When Starbucks in the United States decided to promote Ishmael Beah’s memoir of life as a boy soldier in Sierra Leone it seemed to many a surprising choice. A Long Way Gone, with its descriptions of atrocities and terror, is a far cry from the daily travails of footballers’ wives and celebratory chefs. But stories of boy soldiers, casualties of the civil wars endemic across parts of Africa and Asia, have, in recent years, become a growing branch of disaster literature, alongside memoirs of the Holocaust in occupied Europe, the great famine in China, the killing fields of Cambodia, and the contemporary tales of loss and abuse in Western life. Savagery and trauma are now popular reading.
Ishmael Beah writes simply and well. He was a 12-year-old schoolboy who could recite Shakespeare and loved rap and hip- hop when, in 1993, he left his village in Sierra Leone with his elder brother and two friends to walk 16 miles to a nearby town to take part in a talent contest. It was there that the war got them. Hearing that in their absence rebel forces had overrun their village, they went back to find it ransacked and deserted. Now followed months of trekking through bush and forest, living off fruit and food scavenged from terrified villagers or looted from deserted houses, searching for safety and for any scattered survivors from their families. Along the way, they saw sights and heard stories unimaginable to those who have not encountered them. During one skirmish with rebel forces, the boys got separated.
After this, Beah wandered alone through burning villages and in the forest, where, meeting only snakes, wild pigs and monkeys, he grew frightened of his own shadow. Eventually, he joined up with other lost boys. Approaching a small town where they believed their families had taken refuge, they were again overtaken by events. The rebels got there first, burning, looting, killing. This time there were no survivors, and no hoping, for Beah, that he might still find his brothers or his parents alive.
Soon after, their fortunes turned, but for the worse. Beah and his young companions were picked up by government soldiers, taken to a camp, and, as the rebels appeared to be winning the war, coerced into becoming soldiers themselves. For the next two years, between the ages of 13 and 15, intoxicated and heedless on a mixture of cocaine combined with gunpowder, marijuana and Rambo-style movies, Beah raided, looted and murdered with other boy soldiers. Children make excellent fodder for protracted civil wars, being cheap, plentiful, quick to train, readily conditioned, reckless and what psychologists call possessed of an ‘undeveloped death concept’. He rose to become a junior lieutenant in a boys’ unit. He was now committing the very atrocities he had witnessed and been sickened by.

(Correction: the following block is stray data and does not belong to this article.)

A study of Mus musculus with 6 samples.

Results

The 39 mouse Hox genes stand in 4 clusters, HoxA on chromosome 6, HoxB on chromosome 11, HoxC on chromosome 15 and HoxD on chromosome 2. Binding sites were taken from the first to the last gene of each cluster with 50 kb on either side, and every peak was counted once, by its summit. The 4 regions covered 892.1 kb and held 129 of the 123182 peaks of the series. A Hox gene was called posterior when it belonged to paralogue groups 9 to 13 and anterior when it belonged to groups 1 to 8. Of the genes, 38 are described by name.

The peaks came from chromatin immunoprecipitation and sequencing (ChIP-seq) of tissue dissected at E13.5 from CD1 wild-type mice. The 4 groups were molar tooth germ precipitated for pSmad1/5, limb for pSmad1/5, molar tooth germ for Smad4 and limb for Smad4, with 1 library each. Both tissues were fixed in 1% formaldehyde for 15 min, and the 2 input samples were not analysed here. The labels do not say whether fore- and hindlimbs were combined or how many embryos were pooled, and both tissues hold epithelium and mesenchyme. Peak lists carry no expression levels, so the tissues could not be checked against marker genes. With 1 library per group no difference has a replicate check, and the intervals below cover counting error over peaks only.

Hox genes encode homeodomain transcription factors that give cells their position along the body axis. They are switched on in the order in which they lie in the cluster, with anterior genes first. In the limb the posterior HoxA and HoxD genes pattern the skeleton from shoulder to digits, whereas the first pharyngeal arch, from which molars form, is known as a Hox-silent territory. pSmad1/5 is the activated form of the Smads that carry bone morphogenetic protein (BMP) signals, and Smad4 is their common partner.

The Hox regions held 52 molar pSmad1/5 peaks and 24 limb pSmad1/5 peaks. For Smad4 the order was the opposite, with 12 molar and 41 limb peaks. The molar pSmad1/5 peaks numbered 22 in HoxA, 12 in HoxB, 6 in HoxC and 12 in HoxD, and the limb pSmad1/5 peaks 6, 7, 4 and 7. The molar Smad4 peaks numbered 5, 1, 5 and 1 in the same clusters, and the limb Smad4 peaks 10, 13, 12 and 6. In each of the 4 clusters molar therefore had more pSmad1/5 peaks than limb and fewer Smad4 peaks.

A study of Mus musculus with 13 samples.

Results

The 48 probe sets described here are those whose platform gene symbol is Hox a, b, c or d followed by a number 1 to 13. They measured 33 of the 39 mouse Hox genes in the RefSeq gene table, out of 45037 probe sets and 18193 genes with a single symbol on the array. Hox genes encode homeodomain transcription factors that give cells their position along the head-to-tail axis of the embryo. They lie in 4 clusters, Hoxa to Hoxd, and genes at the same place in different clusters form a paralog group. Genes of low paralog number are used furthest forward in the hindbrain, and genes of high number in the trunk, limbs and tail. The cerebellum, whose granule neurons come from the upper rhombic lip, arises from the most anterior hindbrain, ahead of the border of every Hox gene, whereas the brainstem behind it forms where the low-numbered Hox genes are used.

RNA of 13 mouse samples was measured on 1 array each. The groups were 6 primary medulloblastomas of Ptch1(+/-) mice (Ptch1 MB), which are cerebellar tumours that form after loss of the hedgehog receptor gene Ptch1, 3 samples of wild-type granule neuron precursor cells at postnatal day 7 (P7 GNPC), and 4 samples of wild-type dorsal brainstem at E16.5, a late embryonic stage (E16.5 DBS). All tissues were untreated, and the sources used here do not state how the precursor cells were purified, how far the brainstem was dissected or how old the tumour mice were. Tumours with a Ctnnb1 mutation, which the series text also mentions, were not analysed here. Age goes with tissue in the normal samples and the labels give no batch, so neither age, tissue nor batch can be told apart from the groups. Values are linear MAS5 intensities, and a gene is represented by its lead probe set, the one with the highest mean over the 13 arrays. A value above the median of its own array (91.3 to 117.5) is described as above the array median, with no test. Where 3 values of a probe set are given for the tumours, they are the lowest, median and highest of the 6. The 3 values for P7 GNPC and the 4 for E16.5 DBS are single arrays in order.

All this is sadly familiar from the stories of similar children. Where A Long Way Gone covers new ground is in Beah’s poignant and understated account of rehabilitation in a centre for former child soldiers, one of a number of such programmes run by UN agencies and NGOs in Africa and Asia. He was extremely lucky. Not only did he find an inspired nurse who coaxed him slowly back, through appalling nightmares, fights and withdrawal symptoms, to life without drugs and without savagery, but an uncle prepared to offer him a home. He makes no effort either to disguise the atrocities he took part in or the pain and horror of his gradual recovery. ‘The fastened mantle of … war memories,’ he writes of this time, ‘slowly began to open.’ Most of the 300,000 estimated child soldiers of today’s wars, present, it is said in three quarters of the current 50 or so conflicts, have no rehabilitation programme to absorb them and no family alive — or willing — to take in a child who has become a killer. They return to brutal soldiering or to the streets, where they hover on the margins of life, drugged, uneducated and unwanted.
Ishmael Beah, selected to speak at the UN about Africa’s child soldiers, eventually found a new life, college and family in the US. And here, too, he has been fortunate, for many resettled boy soldiers have not found it so easy. ‘Our peripheral vision is poor in the US,’ wrote a young Sudanese not long ago. ‘We do not see trouble coming.’ It is, perhaps, Beah’s very steadiness and strength of purpose, so apparent in this remarkable story, that made his survival possible. ‘I adjusted,’ he writes, without irony, ‘to being around people who were happy all the time.’